China is reportedly developing a high-speed train that will travel at up to 1,000 kilometers per hour, or approx. 621 miles per hour, through Maglev lines in airless tubes underground.
Researchers at the National Power Traction Laboratory of Southwest Jiaotong University reportedly told Beijing-based Legal Evening News that they were working on a prototype "vactrain" with an average speed of 500 to 600 kilometers per hour (approx. 311 to 373 miles per hour.)
The researchers say the technology could be in use within a decade. In the meantime, a smaller model train may be introduced in two or three years, they said.
The technology at the heart of the train is Maglev, short for magnetic levitation, technology. A concept that's been around for more than 100 years, Maglev tech entails the suspension of a train via powerful magnets to remove the friction present at the rails of conventional trains.
The catch with maglev technology is that there's still friction from the air rushing past the train as it hurtles down the tracks. To date, the fastest Maglev train managed about 361 miles per hour -- not much faster than a conventional high-speed train.
But an airless tube -- a vacuum -- would remove that air drag, allowing for impressive speeds. (The trains themselves will contain pressurized air, just like an airplane.) A cheaper alternative to removing the air completely is to depressurize it, the researchers say.
Inventor and ET3 CEO Daryl Oster holds the U.S. patent for Evacuated Tube Transport, or ETT, technology. As you might expect, Oster has reportedly been working with Chinese researchers Shen Zhiyun, Zhang Yaoping and Wang Jiasu at the university on the concept.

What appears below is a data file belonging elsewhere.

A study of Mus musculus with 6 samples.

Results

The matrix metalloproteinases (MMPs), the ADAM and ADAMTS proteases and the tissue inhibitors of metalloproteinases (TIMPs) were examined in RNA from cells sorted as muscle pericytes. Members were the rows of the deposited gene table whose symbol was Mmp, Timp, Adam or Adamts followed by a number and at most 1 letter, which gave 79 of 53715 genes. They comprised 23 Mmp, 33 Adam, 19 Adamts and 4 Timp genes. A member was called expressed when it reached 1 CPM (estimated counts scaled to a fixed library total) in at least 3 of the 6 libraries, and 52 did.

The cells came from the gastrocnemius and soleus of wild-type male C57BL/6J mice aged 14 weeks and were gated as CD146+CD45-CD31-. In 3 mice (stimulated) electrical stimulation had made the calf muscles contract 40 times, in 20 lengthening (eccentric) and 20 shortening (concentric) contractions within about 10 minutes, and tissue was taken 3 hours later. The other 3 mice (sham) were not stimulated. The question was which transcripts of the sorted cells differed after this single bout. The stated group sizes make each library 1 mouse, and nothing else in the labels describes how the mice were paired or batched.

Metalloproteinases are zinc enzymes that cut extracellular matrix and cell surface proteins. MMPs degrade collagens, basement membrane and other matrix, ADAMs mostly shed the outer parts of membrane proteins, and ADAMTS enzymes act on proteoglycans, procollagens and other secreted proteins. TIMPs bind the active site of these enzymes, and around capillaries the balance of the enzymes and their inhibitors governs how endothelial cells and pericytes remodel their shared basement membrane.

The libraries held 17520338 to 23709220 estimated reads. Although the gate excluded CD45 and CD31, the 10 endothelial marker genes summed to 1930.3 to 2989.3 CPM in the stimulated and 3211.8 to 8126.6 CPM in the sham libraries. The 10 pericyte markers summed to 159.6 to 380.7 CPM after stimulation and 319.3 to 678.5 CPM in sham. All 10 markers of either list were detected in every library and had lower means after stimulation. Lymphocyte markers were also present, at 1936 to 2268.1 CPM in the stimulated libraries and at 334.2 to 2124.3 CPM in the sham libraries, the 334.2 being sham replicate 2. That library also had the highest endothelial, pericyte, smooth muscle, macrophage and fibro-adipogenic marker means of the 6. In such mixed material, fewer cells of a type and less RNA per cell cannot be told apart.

The researchers say the train is cost-competitive with a traditional high-speed train because it has a smaller tunnel and requires less boring.
Here's a rather rosy video about an existing maglev system in China, via the eagle-eyed folks at AltTransport:
The best use of such train technology? Transoceanic travel. One proposal by Channel Tunnel pioneer Frank Davidson and engineer Yoshihiro Kyonati entailed floating a tube above the ocean floor, anchored with cables.
Call it the Concorde 2.0: live in New York, work in London. Or travel from New York to Los Angeles in 45 minutes, according to Oster's calculations.
A 2007 Worcester Polytechnic Institute report (.pdf) elaborates:
The Vactrain outweighs the current modes of transport in several ways, making it a ground-breaking idea. It has a clear edge over present airplanes, trains and automobiles as it causes no pollution and does not operate with gas or petroleum. Thus, while the present transportation would soon be in a sticky situation with the energy crises which the world is facing with dwindling resources of petroleum and gas, the Vactrain would emerge victorious. Moreover, the Vactrain is unaffected by any extremes in weather conditions. It has low maintenance costs as it employs the high-lifetime maglev technology, which also minimized wear due to friction. Additionally, it has low operation costs and 25% energy consumption when compared to aircrafts. Due to all these factors, the Vactrain triumphs over the current means not just in the future but even in present situations making it highly superior.
The Chinese aren't the only ones working on a vactrain, by the way: according to the report, both the U.S. and Switzerland are developing similar technology.